Even though action, comedy, and the infectious cool only paralleled by B-movies from the 1970s are Baby Driver’s (2017) forte, the movie is also a quasi-musical.
But it’s a musical you’ve never seen before. Rather than garner excitement from witnessing beautiful people break out into beautiful song, it instead is musical in and of itself.
The soundtrack is killer, rivaling Tarantino’s untouchable Pulp Fiction (1994) collection, but it takes aural innovation to new heights. The film has its own sort of rhythm, with blazing guns, tire screeches, and car door slams becoming cymbal hits and tom tom thuds in its own cinematic drum line. With Baby Driver, writer/director Edgar Wright becomes a conductor as well as a filmmaker, every shot as carefully constructed and attached as the toupee sewn to supporting player Kevin Spacey’s scalp.
It marks another reinvention for the director, who, while maintaining the same frenetic sense of humor in his 20 years of working, has never honed a specific, definable aesthetic. His most acclaimed films, Hot Fuzz (2007) and Scott Pilgrim vs. The World (2010), respectively harken back to over-the-top action vehicles of Schwarzenegger and pay tribute to the candy-colored energy of an Atari game.
Baby Driver finds the middle ground between sheer pulp and gritty, kinetic action. It’s as tuneful and funny as it is slick and high-octane. In many ways it is the blockbuster dreams are made of, thrilling and sprightly without losing itself in a big budget or an eager-to-please giddiness that plagues so many entires into the genre.
It take cues from Walter Hill’s The Driver, the 1978 B-movie that watched with utter enthrallment as the too-cool Ryan O’Neal played a getaway driver so skilled at his job he made skirting death seem fashionable. (The déjà vu is no mistake — on a recent episode of The Canon, the Amy Nicholson-hosted podcast that finds the latter and a special guest discuss whether a certain movie should be considered one of the greatest films ever made, Wright discussed how much The Driver made an impression on him.)
In common is an obsession with its own style, a loner protagonist we’re desperate to see break out of his shell, ethereal photography, a hypnotizing balance between brutal violence and in-the-know crime fantasy. But Baby Driver is injected with an exponentially higher amount of wit and color — in many respects is it superior to the movie that inspired Wright so immensely.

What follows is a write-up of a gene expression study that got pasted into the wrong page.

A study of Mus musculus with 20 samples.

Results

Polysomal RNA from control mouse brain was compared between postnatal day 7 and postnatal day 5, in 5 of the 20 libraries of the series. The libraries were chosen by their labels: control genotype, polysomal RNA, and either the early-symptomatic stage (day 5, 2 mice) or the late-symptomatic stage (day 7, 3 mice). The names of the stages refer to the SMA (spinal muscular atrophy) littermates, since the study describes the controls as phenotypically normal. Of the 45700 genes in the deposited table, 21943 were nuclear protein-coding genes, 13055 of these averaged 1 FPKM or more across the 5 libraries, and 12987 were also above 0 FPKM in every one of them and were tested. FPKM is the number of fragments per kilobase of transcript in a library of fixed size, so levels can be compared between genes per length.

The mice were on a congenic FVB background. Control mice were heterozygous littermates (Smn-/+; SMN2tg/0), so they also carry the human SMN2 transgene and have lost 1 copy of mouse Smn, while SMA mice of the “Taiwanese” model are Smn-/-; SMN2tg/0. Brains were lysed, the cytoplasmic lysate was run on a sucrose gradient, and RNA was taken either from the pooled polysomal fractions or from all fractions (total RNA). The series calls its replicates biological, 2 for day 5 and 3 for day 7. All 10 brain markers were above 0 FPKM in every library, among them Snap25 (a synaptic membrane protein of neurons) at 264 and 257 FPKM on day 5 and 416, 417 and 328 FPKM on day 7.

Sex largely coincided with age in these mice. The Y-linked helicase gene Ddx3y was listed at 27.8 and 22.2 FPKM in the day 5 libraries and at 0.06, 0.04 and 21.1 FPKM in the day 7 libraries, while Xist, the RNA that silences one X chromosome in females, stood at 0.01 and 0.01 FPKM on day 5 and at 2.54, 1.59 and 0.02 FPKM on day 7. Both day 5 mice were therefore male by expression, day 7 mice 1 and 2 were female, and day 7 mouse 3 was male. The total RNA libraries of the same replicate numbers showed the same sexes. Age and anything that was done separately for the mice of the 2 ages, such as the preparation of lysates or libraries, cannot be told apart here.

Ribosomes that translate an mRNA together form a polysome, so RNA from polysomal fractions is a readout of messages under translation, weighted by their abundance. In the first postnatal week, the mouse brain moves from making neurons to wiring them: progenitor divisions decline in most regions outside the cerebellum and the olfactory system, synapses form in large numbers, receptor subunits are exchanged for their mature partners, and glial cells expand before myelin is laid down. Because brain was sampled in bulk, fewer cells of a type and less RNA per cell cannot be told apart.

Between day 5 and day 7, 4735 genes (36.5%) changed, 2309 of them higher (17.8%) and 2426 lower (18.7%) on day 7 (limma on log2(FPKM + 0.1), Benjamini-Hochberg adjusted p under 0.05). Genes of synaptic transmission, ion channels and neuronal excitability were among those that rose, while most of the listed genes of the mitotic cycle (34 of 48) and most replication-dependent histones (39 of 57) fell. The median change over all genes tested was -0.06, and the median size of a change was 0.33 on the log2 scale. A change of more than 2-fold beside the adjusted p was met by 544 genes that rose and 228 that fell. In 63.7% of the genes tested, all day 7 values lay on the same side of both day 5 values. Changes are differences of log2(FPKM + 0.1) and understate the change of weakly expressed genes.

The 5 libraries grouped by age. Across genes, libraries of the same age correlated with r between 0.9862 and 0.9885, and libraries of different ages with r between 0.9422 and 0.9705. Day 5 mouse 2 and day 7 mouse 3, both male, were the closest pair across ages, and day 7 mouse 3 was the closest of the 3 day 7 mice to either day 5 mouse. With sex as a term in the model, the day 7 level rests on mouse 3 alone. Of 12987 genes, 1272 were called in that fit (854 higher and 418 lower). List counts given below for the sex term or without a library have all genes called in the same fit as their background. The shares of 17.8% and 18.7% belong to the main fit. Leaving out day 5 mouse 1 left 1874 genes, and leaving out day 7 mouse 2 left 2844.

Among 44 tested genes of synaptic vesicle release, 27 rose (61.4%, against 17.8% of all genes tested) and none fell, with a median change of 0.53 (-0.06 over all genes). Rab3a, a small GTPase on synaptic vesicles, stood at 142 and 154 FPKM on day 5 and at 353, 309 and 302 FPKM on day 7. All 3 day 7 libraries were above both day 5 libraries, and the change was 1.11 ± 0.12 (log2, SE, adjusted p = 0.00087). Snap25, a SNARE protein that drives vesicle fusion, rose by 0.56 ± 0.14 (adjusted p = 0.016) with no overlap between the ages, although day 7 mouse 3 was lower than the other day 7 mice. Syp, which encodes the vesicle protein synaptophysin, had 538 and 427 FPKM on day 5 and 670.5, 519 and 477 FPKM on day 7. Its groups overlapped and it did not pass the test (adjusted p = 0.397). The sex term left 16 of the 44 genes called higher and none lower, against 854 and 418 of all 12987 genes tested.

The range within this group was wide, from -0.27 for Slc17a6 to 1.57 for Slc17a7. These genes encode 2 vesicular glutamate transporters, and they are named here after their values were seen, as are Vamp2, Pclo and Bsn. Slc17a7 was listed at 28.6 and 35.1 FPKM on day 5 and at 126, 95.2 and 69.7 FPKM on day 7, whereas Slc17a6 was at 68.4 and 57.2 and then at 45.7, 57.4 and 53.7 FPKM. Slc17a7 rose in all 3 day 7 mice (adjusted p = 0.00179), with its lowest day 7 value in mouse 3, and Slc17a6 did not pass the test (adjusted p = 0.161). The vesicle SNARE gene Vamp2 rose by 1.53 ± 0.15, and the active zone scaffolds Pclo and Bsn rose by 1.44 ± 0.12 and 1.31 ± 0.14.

Such begins with how much more we come to care about the leading hero. Unlike the tough, aloof O’Neal, we have ours in amiable The Fault in Our Stars (2014) lead Ansel Elgort. In Baby Driver, he plays Baby, a barely legal lower-middle-class orphan living in a meager apartment with his mute godfather (CJ Jones). Because money is tight, he’s taken up a job as a getaway driver for crime kingpin Doc (Kevin Spacey), who orders various crews to rob banks around the city in which the film is set, Atlanta, Georgia.
Baby considers the job to be temporary, and is especially ready to walk away from a life of crime when he meets and takes a liking to Debora (Lily James), a waitress who wants just as badly to overcome her modest origins. But when one works with such ruthless people, an easy way out is next to an impossibility — and as the film progresses is it apparent that the only way Baby’ll step away scot-free is by weaseling his way out.
And Wright could not have found a better leading man to do the weaseling: Elgort’s got the baby face and flexible, wiry body to make him fit for as much physical comedy as the general fish-out-of-water vibe all-important to the movie. Here, Elgort is playing a loner obsessed with music (partially because he suffers from tinnitus), and he’s convincing in disparate scenes where he’s playing Man with No Name lite, where he’s alone with his godfather and can look and act like Gene Kelly, and where he’s doing his best to play love interest to James and seem mysterious in all the right ways. This is a role we might have seen Steve McQueen playing back in the 1960s, if McQueen found his career peak in his mid 20s, that is.
But Baby Driver is so rollicking, and so energetically made, its various, subtle homages don’t feel so evident until post-viewing, when Wright’s dialogue and his soundtrack can marinate. It’s such a fast-paced, spirited adventure you’ll be hazy as to when the last time you had such a wonderful time at the movies was. Wright knows how to please the crowd, but enlivening is the way his films can be accessible all the while original.
His ensemble matches him in their charms, even the villains winning us over with their love for themselves. Elgort, of course, is stellar, portraying a talented, if damaged, young man with plenty of scrap to get him far. James is disarming as the love interest; Jones’ performance is quietly affable. But best yet are the foes blocking the path to Elgort’s road to freedom, particularly Spacey as the venomous, smooth-talking head honcho of the band of criminals, and Jamie Foxx (in a juicy part) as a vicious co-worker obsessed with trying to undermine our hero. All are cast perfectly, Wright’s knack for bringing together electric ensembles evident.
And ultimately Baby Driver is electric, too. It’s effective in embodying every genre it draws influence from, and comes together to make a cohesive caper. Its adoration for music only adds to its charisma, and the cast’s appeal doesn’t hurt, either. Wright has outdone himself — how wonderful it is to have a filmmaker who can make popcorn fare this intelligent and this distinctive.